Backslidden

–Summer of 2007

Backslidden

When is the last time you heard some honest soul talk about his spiritual condition and use the term backslidden?  It’s a word that seems to have been dropped from the Church’s vocabulary, even among those within the Wesleyan Armenian tradition.  One could get the idea that it’s simply not a problem anymore.  But is that really the case?

A generation ago you heard the subject preached or written about with some degree of frequency and always with intensity.  It was not generally done from the standpoint of how one may backslide and steps to prevent it, but with the idea that many were already backslidden, or at least well on their way, and needed to be reclaimed. The intent of this kind of preaching was to awaken those who were spiritually asleep and call to repentance those who had sinned, but more often than not the results were less than positive.  It helped create a “one sin your out” mindset and fed an unhealthy environment of constant self-introspection.  Many young people were left in a state of confusion and spiritual instability.  It also turned overly conscientious souls into perpetual seekers who could never find any sense of assurance or security in their salvation.

To address this imbalance, a new generation of preachers and spiritual counselors took a different approach.  The preachers simply stopped talking about backsliding and focused primarily on prevention.  Spiritual counselors, who had already shifted from the experiential paradigm of salvation to a relational model, stressed how difficult it actually was to backslide and how rarely it happened. Before you knew it, backsliding had practically disappeared.  On the beneficial side, the focus on discipleship and the nurturing of the weak was a very positive alternative to re-converting the saints at every revival.  On the downside, with no warnings against backsliding or proclamation of its spiritual consequences, many began to feel that they could live in clear disobedience to God’s word and suffer only minimal spiritual damage. If we believe the consequences of sinning fail to impact our standing with God, then sin itself is minimized, and when sin is minimized, sinning is trivialized. The members of this new culture of “saints without sanctity” have become very adept at describing their spiritual condition in highly generalized terms.  They fail to speak about “walking in all the light” or “living in total victory.”   They talk about “not doing very well spiritually” or say, “I am a little down right now because I haven’t been having my devotions lately”.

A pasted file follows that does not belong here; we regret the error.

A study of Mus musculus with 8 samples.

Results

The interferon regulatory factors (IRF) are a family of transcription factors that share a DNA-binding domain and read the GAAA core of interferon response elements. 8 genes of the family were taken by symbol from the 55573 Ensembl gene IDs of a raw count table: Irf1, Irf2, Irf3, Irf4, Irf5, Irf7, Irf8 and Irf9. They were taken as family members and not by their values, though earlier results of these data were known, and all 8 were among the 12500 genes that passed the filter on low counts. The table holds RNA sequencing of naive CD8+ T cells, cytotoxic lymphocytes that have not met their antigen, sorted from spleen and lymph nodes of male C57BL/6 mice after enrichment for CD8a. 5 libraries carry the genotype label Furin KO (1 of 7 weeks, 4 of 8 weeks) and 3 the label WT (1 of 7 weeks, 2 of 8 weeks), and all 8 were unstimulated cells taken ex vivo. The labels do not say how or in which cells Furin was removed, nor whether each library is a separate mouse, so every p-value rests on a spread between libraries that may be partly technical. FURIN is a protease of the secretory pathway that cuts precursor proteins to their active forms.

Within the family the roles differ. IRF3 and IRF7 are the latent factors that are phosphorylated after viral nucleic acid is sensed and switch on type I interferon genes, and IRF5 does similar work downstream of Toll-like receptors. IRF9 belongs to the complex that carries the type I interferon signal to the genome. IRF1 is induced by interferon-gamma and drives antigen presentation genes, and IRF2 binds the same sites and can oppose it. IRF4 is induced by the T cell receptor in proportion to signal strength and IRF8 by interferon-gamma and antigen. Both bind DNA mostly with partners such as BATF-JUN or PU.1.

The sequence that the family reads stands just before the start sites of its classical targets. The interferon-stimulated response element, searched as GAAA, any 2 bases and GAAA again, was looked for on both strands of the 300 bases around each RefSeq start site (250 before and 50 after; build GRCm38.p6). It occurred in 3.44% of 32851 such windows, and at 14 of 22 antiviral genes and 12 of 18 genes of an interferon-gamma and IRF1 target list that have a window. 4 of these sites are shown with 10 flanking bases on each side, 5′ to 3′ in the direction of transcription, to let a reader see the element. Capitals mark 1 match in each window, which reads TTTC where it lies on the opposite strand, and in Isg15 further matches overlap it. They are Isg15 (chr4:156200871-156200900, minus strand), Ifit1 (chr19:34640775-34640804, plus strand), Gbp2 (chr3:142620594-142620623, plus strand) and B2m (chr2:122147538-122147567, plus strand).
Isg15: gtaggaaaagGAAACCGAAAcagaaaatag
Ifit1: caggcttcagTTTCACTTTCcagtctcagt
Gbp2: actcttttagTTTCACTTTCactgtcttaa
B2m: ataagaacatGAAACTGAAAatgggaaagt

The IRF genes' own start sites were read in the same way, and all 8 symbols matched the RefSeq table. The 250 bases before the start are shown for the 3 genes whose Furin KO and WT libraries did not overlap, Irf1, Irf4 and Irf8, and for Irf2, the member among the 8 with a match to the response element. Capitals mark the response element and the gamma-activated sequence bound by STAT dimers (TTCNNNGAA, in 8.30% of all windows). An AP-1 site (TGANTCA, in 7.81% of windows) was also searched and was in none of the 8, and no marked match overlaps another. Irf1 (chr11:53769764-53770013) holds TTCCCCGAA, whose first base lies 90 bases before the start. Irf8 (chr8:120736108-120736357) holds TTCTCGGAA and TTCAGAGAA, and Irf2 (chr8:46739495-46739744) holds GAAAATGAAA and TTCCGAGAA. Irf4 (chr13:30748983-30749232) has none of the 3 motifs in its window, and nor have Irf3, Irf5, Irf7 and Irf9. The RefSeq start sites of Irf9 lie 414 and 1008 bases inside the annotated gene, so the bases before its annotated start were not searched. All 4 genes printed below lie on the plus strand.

Now I know that just occasionally preaching on backsliding will not solve the entire situation I described above, but people will be helped by a clear biblical statement that tolerating failure and practicing disobedience has clear and unmistakable consequences, including spiritual self-deception and ultimately the loss of saving faith.  Our people, both young and old, need to hear that when people refuse to heed the checks of the Holy Spirit and repent of their sin, they have “turned away” from saving grace and have “departed from the faith.”  Whether you want to call it backsliding or not, the end result is the same and the spiritual consequences are dire.